How did you get started with The Yoga Bars?
I found yoga because I was experiencing asthma in my teens and early twenties that was getting progressively worse. I was told by doctors I would have to go on a daily steroid inhaler. Even though this was before I knew anything about Eastern philosophies or medicines there was something in me that didn’t want to go down that path.
So a friend guided me to a naturopath doctor who advised I find someone to teach me how to breathe. This led me to pranayama.
Yoga then came in and out of my life as it does for many practitioners but as I got older I started noticing how much clarity I had and just generally how much better I felt after I took the time to practice. I began studying more in depth with my primary teachers and eventually started my teacher training. After a while I decided I wanted to move back to Cincinnati to open up a studio.
How often and where do you offer these retreats?
We run between six to eight retreats a year now through our studio. Much like how my path to yoga has been a little different by coming to it from pranayama as opposed to asana, my path to leading yoga retreats has also been a little different.
I did my original teacher training in Bali and had the good fortune of getting to assist my first retreat there. The person who was teaching injured themselves and couldn’t demo anything. I had just graduated from teacher training a few weeks ago, so I was asked to assist. This experience forged into a relationship with the retreat centre. And to this day we hold retreats there once a year. This year marks our tenth one with them.
We have also been successful holding weekend long retreats locally here in Ohio and Kentucky. Right now we’re doing about four of those a year at least.
Along with the Bali and local retreats, we also like to add one or two other locations each year. In the past we have held one in the Caribbean and this year we will be holding one in Tulum.
Who’s your ideal client?
My ideal client is someone who comes in with a preconception that yoga is not for them – that it’s too hippy or esoteric and who comes to a retreat mostly because their spouse wants them to.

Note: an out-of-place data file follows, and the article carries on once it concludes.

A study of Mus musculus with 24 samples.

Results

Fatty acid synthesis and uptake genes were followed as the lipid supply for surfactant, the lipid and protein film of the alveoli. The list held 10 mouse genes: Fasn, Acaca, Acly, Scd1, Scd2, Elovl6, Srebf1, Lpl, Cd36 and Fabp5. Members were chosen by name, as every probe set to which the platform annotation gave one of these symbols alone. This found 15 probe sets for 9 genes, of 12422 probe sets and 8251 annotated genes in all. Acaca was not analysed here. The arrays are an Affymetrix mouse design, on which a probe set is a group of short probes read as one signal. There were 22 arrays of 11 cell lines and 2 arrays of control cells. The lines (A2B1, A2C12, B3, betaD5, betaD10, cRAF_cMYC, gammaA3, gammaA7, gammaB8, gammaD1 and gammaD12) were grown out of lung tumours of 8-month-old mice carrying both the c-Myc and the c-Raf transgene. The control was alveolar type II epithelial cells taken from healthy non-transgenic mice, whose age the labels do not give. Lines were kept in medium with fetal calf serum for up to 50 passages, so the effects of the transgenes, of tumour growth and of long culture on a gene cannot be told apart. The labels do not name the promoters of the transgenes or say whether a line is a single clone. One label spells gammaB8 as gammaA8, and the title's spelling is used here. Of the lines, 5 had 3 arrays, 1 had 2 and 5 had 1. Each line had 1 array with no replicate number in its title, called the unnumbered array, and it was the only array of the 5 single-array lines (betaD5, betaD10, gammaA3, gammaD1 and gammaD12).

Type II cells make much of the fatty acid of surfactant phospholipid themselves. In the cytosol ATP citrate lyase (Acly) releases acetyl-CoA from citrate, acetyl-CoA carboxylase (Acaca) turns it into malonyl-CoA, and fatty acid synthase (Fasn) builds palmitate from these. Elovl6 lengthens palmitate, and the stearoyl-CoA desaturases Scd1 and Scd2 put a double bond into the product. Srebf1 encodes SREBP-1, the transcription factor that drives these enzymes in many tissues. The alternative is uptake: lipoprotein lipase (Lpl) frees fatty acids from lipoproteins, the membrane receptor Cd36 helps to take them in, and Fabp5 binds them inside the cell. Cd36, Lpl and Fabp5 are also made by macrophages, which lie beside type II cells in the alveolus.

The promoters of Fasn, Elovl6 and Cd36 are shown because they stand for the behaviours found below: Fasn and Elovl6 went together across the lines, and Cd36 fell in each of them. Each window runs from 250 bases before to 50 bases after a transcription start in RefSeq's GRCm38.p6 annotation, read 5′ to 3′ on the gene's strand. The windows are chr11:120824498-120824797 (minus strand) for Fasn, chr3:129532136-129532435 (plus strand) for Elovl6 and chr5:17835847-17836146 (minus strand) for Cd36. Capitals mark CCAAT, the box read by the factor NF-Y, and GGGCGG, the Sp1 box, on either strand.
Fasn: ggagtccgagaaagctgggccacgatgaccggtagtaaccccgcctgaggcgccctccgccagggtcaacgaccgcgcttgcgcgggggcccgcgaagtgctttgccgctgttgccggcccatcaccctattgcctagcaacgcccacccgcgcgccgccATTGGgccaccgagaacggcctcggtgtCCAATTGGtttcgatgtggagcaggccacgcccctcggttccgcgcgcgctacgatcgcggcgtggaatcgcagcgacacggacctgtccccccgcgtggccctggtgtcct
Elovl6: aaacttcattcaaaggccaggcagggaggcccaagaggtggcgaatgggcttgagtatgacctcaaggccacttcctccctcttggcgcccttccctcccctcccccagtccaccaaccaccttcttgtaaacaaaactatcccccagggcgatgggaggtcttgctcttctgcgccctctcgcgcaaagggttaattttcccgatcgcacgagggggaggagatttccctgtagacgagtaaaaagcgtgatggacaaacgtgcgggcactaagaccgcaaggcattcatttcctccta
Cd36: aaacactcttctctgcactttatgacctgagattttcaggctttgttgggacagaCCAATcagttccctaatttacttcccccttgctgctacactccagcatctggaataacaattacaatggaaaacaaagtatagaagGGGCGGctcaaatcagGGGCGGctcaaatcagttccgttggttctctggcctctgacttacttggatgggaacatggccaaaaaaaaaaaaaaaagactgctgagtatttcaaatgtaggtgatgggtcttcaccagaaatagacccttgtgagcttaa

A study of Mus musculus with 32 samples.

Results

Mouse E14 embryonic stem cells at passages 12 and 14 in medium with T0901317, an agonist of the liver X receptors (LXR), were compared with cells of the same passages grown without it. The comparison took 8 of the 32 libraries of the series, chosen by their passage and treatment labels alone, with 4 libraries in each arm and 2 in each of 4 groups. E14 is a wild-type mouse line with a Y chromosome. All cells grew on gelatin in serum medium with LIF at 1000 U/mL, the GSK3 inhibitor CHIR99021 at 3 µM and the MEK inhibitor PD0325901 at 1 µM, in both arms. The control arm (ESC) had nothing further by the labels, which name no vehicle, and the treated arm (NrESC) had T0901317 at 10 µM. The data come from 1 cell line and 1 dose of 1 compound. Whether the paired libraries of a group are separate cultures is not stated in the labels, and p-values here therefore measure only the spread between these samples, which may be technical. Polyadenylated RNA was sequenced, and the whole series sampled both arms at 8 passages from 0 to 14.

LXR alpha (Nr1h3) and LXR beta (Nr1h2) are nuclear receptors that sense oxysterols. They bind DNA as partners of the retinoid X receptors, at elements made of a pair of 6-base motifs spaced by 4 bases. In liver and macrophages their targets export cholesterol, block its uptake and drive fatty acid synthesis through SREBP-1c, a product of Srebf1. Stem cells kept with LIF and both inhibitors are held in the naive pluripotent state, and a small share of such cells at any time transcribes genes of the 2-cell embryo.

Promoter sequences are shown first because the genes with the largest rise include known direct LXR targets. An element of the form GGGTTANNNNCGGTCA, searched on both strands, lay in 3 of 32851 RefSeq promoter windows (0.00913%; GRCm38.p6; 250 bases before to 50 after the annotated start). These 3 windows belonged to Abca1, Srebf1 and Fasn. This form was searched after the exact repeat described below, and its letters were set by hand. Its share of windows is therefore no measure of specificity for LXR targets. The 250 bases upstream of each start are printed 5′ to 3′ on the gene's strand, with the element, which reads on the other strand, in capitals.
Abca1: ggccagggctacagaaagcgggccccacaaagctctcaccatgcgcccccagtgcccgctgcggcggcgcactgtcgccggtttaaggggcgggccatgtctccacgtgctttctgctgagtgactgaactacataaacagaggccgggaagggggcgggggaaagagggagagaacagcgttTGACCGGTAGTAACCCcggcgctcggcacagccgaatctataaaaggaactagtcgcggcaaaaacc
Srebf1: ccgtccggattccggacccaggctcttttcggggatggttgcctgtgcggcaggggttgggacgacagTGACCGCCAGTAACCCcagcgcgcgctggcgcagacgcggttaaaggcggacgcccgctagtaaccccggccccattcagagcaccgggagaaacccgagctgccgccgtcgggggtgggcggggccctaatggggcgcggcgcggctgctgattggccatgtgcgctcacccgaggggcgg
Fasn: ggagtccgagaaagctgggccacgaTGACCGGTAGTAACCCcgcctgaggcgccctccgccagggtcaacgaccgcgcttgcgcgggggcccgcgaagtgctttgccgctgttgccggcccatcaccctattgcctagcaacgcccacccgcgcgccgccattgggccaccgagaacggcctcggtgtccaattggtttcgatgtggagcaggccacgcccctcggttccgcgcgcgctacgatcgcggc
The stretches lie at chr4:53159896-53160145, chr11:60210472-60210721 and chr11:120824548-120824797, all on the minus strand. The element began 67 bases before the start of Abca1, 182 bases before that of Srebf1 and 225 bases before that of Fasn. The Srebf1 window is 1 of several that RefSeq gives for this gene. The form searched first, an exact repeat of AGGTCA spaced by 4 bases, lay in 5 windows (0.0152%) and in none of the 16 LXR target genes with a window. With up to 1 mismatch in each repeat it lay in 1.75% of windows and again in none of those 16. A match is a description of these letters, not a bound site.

I love teaching them specifically how asanas are just a small part of the yoga and then watching them transform throughout the week – giving yoga a second try or realize that it’s something really important to them.
What challenges have you faced that have been a gift?
I think one of the biggest gifts a yoga teacher can experience is an injury. I’m in my forties now and have been reckless with my body in my twenties as an athlete but feel now that this has taught me much empathy, sympathy and understanding.
The times I have been injured or had limitations have offered a beautiful opportunity to watch the ego be eradicated and be reminded that asana at best is only one eighth of a yoga practice.
What is your morning ritual?
My day begins with the alarm going off and my prince of a husband letting the dogs out and bringing me a coffee in bed. The ten or 15 minutes it takes for him to do that I’m able to get a meditation in. On perfect days I then go for a run or do my asana practice before getting on with the day.
What’s your guilty pleasure?
Travel. My currency is travel. It’s what I value everything against. I have a heart filled with wanderlust. My most prized possession is my passport!
We believe human beings are innately wise and kind. But this wisdom, although always present, can be covered up. Going on retreat is a beautiful way to reconnect to basic sanity and health. Our aspiration at Retreat Guru is to inspire people to experience authentic retreats and reconnect with their innate wisdom.